Scripting Addition

AppleScript is a little language, and at a very early stage it was felt to be a bit too little. An architecture was therefore devised whereby Apple, as well as third-party developers, could extend the language by means of scripting additions. A scripting addition is a code library, typically written in a compiled lower-level language such as C, whose purpose is usually to endow AppleScript with some functionality that can be implemented in this lower-level language (possibly by calling into the Macintosh Toolbox) but is otherwise missing from AppleScript itself. On Mac OS 9 and before, a scripting addition is a resource file of type 'osax'; on Mac OS X it can also be a bundle with extension .osax. Therefore it is common parlance to refer to a scripting addition as an osax (official plural, osaxen).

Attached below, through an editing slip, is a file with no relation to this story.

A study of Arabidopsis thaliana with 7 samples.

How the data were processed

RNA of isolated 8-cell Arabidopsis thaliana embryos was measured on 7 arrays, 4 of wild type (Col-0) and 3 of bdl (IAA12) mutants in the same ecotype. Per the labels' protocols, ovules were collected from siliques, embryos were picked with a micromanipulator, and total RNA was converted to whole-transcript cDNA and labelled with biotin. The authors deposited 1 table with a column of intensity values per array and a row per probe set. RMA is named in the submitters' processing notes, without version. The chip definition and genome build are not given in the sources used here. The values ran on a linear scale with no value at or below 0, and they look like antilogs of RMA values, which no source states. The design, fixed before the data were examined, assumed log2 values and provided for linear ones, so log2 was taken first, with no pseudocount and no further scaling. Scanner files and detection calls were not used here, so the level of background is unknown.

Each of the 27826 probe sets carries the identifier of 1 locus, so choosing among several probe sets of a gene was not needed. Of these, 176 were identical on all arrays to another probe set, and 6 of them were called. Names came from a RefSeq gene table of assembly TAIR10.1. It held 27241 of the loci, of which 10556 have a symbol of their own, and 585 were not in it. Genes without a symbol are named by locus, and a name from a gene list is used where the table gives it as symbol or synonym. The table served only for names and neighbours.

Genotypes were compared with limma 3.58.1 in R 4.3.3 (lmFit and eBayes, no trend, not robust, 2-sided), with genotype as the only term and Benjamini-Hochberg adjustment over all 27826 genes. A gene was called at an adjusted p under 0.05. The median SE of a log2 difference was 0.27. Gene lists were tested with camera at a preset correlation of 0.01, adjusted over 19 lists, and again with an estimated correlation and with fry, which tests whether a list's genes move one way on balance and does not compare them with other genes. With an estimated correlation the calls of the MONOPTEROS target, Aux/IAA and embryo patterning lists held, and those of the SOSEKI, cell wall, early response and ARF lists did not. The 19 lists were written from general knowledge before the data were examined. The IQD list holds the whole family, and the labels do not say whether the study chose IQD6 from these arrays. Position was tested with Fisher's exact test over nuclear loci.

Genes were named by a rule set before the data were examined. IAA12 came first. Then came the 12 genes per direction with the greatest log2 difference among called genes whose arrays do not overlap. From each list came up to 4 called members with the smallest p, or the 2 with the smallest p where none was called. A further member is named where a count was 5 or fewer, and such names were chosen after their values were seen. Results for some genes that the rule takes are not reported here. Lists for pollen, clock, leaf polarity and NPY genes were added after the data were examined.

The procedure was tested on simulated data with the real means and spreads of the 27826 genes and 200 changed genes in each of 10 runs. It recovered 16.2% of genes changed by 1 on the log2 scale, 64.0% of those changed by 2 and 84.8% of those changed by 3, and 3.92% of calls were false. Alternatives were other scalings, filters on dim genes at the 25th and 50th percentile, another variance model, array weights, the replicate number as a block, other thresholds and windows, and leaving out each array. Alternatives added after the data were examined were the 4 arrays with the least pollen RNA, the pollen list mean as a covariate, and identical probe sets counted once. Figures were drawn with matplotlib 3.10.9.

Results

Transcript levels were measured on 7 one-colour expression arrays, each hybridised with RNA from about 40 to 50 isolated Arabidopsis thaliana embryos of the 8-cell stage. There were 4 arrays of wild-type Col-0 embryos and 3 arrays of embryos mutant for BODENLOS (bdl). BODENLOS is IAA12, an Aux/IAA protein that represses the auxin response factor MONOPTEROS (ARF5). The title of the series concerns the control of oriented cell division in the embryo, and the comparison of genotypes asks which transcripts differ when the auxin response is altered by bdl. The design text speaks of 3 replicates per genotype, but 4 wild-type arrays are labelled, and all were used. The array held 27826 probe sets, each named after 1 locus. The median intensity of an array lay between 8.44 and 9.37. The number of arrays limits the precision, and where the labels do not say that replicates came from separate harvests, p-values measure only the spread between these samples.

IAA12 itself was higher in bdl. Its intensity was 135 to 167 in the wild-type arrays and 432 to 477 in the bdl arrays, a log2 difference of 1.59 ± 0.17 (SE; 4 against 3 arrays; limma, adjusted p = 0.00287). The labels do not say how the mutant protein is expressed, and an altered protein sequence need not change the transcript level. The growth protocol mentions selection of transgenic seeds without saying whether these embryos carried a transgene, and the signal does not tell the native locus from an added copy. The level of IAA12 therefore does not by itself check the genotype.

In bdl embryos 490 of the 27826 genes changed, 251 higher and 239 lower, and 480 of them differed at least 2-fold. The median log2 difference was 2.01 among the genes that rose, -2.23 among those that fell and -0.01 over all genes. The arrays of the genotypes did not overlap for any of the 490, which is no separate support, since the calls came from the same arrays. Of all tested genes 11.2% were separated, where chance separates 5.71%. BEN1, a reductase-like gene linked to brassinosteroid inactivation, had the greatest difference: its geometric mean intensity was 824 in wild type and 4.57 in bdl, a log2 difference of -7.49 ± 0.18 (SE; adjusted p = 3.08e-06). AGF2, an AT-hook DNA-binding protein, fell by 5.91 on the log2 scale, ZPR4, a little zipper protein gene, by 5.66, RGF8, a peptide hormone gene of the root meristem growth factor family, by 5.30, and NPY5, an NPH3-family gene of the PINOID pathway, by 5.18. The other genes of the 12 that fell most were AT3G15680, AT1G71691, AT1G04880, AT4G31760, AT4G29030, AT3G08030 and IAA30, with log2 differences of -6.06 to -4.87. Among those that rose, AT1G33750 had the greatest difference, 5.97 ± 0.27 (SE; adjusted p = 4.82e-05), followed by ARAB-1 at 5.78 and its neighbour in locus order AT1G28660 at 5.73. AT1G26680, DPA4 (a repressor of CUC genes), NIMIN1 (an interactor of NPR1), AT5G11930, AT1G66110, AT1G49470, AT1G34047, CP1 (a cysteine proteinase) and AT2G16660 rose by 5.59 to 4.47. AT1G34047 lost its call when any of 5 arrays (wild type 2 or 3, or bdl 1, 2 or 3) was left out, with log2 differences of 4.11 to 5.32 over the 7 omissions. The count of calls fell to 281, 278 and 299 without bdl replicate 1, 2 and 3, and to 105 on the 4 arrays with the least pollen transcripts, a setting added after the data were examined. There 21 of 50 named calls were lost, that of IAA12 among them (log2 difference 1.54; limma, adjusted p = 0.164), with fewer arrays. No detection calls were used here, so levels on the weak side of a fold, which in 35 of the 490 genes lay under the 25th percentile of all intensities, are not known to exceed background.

When an instance of the AppleScript scripting component comes into existence, it loads any scripting additions found in any of several locations , namely /System/Library/ScriptingAdditions and the corresponding folders in /Library and ~/Library. (On Mac OS 9 and before, there is just one location, the Scripting Additions folder of the System Folder. Observe the lack of a space in the Mac OS X folder name ScriptingAdditions; the tale of how that happened is gory and not to be recounted here, and in any case it's too late now to change it.) If a script depends upon a scripting addition, it is up to the end user to install that scripting addition first on any machine where ...

Get AppleScript: The Definitive Guide, 2nd Edition now with the O’Reilly learning platform.

O’Reilly members experience books, live events, courses curated by job role, and more from O’Reilly and nearly 200 top publishers.